Electric bicycles are a lot of things, from convenient commuter vehicles to fun recreational rides. But one word rarely used to describe e-bikes is ‘inexpensive’.
And now thanks to a new tariff plan proposed by US President Donald Trump, even the most affordable electric bicycles from China will be slapped with higher price tags.
The Trump Administration’s trade war is ramping up around the globe, and the newest salvo against China includes a 25% tariff on electric bicycle imports.
It is no secret that the vast majority of electric bicycles are manufactured in China. While there are a few companies in the US building their own e-bikes, they still generally use a large portion of Chinese-made parts including motors, electric speed controllers, e-bike batteries and other common components.
In an ironic twist, some of the biggest losers could be US companies that design, market and sell their e-bikes locally but manufacture them in China.
Even electric bicycle companies including Pedego, the largest e-bike retailer in the US, will be hit with the tariffs due to their manufacturing operations in China. Many of their bikes start in the $2,000+ range, meaning a 25% tax could easily increase the price by many hundreds of dollars.
According to Don DiCostanzo, the CEO of Pedego, the proposed tariff would significantly impact their operation, though it wouldn’t cripple the company:
It would not price Chinese bikes out of the market, in my opinion. I don’t think it will take effect, but if in the worst-case scenario it does, it is manageable from Pedego’s perspective.
This may be because Pedego is already looking at creative ways to beat the tariff, such as a method that DiCostanzo described to Bicycle Retailer of shipping partially assembled e-bikes from China to complete assembly in the US.
Other large electric bicycle companies including Trek, Giant and Raleigh Electric are also included in the proposed 25% tariff hike.
Fortunately, the tariff plan is not final. Electric bikes are included among 284 product code groups that the Trump Administration wants to slap with tariffs, but the U.S. Trade Representative will have the final say. The USTR will go through each of the 284 product codes individually, including the one that covers electric bicycles, and make a decision on whether to include them in the tariff. The process will likely take months to complete.
The USTR already released a list of 818 product codes last week that it had decided to subject to the 25% tariff starting in July. So far, electric bicycles weren’t on the list, but that could change in the coming months when the USTR deliberates further on the issue after a public comment period which will include public hearings.
Efforts are already underway in the bicycling industry to keep electric bikes off the list of goods subjected to the 25% tax.
As Katy Hartnett, director of government relations of PeopleForBikes told Bicycle Retailer:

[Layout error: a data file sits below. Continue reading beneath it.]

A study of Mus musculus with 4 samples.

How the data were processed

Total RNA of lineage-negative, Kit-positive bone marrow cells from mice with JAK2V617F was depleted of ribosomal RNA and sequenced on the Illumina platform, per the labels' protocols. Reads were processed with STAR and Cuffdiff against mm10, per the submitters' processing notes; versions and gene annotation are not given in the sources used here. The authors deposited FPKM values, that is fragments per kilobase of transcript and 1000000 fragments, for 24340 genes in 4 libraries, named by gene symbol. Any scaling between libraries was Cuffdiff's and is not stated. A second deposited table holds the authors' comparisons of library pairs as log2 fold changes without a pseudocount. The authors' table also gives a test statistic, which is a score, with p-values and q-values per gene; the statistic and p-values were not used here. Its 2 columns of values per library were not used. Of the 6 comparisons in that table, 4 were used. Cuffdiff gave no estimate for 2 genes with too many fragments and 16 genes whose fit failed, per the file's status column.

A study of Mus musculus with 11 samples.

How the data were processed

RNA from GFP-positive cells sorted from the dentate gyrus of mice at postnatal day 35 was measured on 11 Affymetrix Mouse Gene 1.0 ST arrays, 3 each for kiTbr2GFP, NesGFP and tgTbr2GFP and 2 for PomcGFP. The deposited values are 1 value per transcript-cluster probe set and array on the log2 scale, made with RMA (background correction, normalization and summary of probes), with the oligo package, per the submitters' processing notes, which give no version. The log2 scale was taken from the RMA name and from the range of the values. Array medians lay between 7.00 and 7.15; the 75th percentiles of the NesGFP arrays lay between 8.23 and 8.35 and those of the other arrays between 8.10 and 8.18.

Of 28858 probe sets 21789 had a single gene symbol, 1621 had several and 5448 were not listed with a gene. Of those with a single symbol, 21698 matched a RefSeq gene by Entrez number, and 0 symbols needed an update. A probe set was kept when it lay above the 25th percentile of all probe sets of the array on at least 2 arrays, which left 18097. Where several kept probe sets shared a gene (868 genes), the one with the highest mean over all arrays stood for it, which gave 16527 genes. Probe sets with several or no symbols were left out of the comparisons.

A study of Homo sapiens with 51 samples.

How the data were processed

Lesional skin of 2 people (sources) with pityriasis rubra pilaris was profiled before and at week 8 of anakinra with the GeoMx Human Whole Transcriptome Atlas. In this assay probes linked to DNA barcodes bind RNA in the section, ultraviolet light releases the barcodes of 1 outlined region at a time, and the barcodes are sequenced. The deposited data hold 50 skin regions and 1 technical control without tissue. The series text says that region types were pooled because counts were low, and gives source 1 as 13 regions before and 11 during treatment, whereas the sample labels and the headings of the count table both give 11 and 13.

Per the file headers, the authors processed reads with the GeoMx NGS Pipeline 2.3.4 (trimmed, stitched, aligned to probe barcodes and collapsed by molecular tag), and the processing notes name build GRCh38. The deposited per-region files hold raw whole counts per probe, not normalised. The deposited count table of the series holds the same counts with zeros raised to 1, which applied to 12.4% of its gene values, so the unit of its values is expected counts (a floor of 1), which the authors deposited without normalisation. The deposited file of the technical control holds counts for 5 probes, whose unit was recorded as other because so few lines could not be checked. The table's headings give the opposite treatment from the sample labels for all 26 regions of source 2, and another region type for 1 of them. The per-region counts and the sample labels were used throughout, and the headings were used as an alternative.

It’s certainly a significant cause for concern. It’s going to be all hands on deck for the bike industry. We are going to need all the help we can get.
The USTR has yet to formally announce the details for the public hearing, which is tentatively scheduled for July 24th in Washington DC, while the public comment period is scheduled to remain open until July 31st.
America isn’t alone on this issue, as Europe is also considering tariffs to combat the import of cheaper Chinese e-bikes. But this move comes at an unfortunate time for the e-bike industry and for sustainable transportation in general. Electric bicycles have seen large year over year sales increases in the US as e-bike adoption has soared.
Much of this can be attributed to the decreased cost of electric bicycles manufactured in China. As an extreme example, Sondors released its $500 ebike in the US just a few years ago – a feat that never would have been possible if these proposed 25% tariffs had been in place at the time. And you can get quite decent electric bicycles on Amazon from $550 and up. These inexpensive e-bikes help make the idea of moving towards electric bicycles more palatable for many Americans.
The tariff is also highly misguided, at least as it relates to electric bicycles. The Trump administration claims that the goal of the tariff is to protect American manufacturing. However, there is almost zero domestic electric bicycle manufacturing occurring in the United States, outside of a few small boutique builders. Having worked personally in the electric bicycle industry in the US for many years, including dealing with import/export, I would estimate that less than 1% of electric bicycles in the US are manufactured locally, and I believe even that number is generous. There is simply no realistic domestic industry to protect here.
At the end of the day this tariff is bad for consumers, it is bad for the environment, and it is bad for progress towards a more sustainable transportation future.